Last Weekend (or, Double L. )
Last Saturday I did two things I always wanted to do: 1. I woke and left the house early and 2. I met up with LM for breakfast at Birch Coffee.
New York feels private and intimate on Saturday mornings. As I walked through the Garment District to Birch coffee sleepy Broadway was just starting to open its eyes. I remembered how much I like to see the city this way, how I must go out early more often.
I hadn’t been to the new Birch outpost and was impressed by its gray, minimalist design. Ms. LM was sitting at a communal table waiting for me. I was right on time.
I love new faces and new things, but I love old faces in new settings even more. (In example, the time I spotted my father alone, at a table in New York the first time. My father is a man who loves the country, and it was nice to see him so comfortable in New York, leaning back at an outdoor table at a restaurant, sipping a glass of wheat beer.) My friendship with LM was restricted to the house parties and gatherings hosted by my mutual friends, so it was nice to see and speak with her one-on-one, when we both weren’t in cocktail dresses, or I four cocktails in. We both write and blog, its refreshing to sit with someone who’s doing exactly what I’m doing, whose head is in the same realm. We’re both fans of each others work, which is also helpful to get feedback (and secretly, I hope some of her effortlessly-chic-ness will rub off on me). I write this thing and have a hard time stepping back from it objectively, seeing where I can improve.
The artists’ dilemma.
I had a workshop to attend near the Empire State Building and afterwards, did light shopping on 34th Street. The weather hasn’t yet matured into spring, but in a light coat I was able to enjoy the sun without muffs and gloves and appreciate that New York broke 50 degrees for the first time. I took the M7 up Sixth Avenue and stopped at Columbus Circle for a few of my favorite things: macarons at Bouchon and the views out of Time Warner Center. Sure, it’s a glorified mall. But most days, it feels like it’s all mine.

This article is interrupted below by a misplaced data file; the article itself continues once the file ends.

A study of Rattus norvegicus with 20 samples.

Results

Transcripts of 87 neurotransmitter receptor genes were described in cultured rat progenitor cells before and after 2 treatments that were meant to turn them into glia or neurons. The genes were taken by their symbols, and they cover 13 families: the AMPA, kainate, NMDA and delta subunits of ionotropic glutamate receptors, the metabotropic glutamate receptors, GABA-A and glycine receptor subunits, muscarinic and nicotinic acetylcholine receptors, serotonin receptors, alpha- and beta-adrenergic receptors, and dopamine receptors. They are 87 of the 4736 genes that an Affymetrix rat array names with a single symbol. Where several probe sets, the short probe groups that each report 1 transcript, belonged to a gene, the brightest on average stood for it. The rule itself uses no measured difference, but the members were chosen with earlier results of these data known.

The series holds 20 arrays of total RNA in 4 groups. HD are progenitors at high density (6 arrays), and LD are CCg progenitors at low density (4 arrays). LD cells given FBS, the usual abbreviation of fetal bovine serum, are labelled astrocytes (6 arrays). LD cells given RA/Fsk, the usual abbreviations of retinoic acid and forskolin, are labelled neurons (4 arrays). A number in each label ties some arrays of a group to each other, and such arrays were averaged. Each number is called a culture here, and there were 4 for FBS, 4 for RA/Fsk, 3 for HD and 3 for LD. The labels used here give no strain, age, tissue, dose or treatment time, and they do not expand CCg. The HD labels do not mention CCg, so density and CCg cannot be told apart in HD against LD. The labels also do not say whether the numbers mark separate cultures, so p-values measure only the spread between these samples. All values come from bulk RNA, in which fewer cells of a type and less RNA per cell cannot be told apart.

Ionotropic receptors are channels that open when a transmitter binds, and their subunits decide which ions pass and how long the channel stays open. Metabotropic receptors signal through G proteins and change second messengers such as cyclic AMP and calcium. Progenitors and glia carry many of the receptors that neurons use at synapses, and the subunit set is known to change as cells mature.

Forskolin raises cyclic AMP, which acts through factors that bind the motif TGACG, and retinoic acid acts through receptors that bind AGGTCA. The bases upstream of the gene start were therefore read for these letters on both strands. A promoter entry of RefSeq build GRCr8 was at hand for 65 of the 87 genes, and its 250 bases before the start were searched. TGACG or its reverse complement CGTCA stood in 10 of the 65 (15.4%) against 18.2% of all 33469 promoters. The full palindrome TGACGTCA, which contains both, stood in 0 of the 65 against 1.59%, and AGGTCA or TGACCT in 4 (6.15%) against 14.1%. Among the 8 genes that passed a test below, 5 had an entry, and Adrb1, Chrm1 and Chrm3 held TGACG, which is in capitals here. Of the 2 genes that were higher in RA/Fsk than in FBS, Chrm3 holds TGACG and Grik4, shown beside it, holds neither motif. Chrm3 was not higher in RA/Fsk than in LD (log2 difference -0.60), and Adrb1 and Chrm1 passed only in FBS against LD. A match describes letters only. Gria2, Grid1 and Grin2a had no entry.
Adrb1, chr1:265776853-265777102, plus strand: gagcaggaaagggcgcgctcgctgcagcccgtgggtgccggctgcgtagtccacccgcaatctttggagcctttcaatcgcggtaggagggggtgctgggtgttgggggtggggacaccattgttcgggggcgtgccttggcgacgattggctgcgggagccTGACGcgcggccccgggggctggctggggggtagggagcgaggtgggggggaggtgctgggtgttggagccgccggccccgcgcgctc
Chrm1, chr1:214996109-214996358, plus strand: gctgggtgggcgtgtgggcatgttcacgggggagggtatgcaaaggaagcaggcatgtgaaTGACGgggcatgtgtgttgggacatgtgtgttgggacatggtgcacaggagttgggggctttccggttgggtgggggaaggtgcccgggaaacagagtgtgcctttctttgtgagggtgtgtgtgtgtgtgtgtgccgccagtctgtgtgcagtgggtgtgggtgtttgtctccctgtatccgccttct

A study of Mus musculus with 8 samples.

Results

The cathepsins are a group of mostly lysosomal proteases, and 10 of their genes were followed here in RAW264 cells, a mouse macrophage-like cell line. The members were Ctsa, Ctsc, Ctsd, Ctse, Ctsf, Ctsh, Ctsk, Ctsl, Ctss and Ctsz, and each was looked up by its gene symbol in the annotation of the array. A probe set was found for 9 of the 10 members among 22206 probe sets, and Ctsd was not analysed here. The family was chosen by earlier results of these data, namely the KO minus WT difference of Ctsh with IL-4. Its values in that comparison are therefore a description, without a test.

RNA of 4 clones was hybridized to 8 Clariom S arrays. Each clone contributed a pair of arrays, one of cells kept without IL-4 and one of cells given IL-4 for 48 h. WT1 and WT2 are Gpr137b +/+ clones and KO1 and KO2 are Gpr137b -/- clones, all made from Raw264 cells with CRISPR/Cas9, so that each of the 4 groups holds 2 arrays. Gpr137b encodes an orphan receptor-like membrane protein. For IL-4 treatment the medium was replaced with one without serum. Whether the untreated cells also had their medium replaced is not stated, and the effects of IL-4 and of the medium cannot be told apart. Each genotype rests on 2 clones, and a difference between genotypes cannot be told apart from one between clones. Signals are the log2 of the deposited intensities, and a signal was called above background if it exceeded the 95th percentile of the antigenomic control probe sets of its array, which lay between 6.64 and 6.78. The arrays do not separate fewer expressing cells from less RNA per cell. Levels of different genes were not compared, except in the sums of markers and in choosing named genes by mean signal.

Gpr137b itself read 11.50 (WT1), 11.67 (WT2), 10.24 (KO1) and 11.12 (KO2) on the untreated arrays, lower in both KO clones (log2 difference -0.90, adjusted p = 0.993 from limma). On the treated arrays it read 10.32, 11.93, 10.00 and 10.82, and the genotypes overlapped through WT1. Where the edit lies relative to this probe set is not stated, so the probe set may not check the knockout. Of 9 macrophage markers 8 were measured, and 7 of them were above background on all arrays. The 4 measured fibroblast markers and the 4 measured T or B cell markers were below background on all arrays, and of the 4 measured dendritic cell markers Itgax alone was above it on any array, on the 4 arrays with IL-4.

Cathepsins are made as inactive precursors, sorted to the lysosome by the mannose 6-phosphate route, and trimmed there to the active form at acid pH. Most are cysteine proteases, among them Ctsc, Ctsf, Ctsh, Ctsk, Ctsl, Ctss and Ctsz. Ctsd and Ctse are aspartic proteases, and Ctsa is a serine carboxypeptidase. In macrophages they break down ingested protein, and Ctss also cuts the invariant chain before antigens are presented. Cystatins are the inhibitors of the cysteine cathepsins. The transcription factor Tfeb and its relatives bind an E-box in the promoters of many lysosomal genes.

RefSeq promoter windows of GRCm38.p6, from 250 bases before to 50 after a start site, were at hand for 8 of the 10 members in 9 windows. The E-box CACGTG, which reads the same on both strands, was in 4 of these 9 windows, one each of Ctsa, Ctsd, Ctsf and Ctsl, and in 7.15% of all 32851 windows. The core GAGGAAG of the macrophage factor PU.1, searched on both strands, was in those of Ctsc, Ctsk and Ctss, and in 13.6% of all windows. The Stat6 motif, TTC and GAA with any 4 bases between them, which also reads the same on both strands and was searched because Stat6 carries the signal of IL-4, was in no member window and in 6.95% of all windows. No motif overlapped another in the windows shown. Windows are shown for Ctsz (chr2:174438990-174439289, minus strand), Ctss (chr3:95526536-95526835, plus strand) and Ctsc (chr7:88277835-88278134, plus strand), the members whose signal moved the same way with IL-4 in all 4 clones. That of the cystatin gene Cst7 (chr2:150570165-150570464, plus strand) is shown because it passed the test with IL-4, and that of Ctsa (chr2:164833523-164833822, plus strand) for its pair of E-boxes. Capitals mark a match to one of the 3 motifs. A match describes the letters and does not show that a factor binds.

The following day I met with L. (the other L.!) for coffee at Irving Farm on the Upper West Side. As always with L., conversation was delightful. There’s nothing you can mention that L. is not an expert in. I’m rather envious of all the subjects she reads about and studies she is familiar with and how often she can recall them from memory.
The weather grew cold by the time we left.
The work-week was full of good news, minor triumphs and overall optimism that is abnormal to Ariel Davis. On Friday I took a peek at my phone during lunch break and noticed an email from my pen pal, Mr. Pemberton in the UK. He had good news to share, he was coming to New York in less than two weeks for business and we’d finally have that good, long talk we’d been meaning to have.
I beamed so brightly at this -- you’d think I was meeting the Queen.
I had many plans this weekend, too, but on Thursday I woke with a swollen jaw and a stubborn wisdom tooth. I scheduled a dentist appointment, started taking an anti-inflammatory and decided to power through all my weekend plans as if everything was peachy keen.
I wanted to get the girls from my Writing Group together, even though I was a defunct member I missed seeing their faces, I missed the conversations. So I picked my favorite spot in Soho, Delicatessen, and told them to meet me there early Saturday morning. We had a great time. I ate too much and laughed too much, and was glad I didn’t cancel.
Afterwards, L. and I went to McNally, and Utrect and all the good spots, including my old favorite writing spot, La Colombe. But I couldn’t lounge like I normally do, I was due in Crown Heights for a dance party.
I made it to Eastern Parkway at 9:30 pm with a bottle of gin tucked under my arm. All my close friends were gathered in M.’s living room, her roommate’s dog was stealing the attention and let me pet him and hold him. I sat chatting with all my friends, catching up on all the details that get lost between us when the days get busier. At midnight the whole party marched to Franklin Park bar for dancing. (Being the dork that I am, whenever I am walking to a bar with a group of friends, I feel like “Romeo” with my masked friends going to the Montague’s.)
Franklin Park was packed, and dancing was limited to a very small space. Eventually we went to the front garden, joining the smokers in the fresh air. At 2 am I was ready to call it a night, I rode the train to Brooklyn Heights with MM, the temperature had dropped significantly. I took a cab the rest of the way home.
The best thing about leaving New York is seeing it from far away, the view from Brooklyn Bridge from a cab window was (and always is) breathtaking. I love a good New York weekend.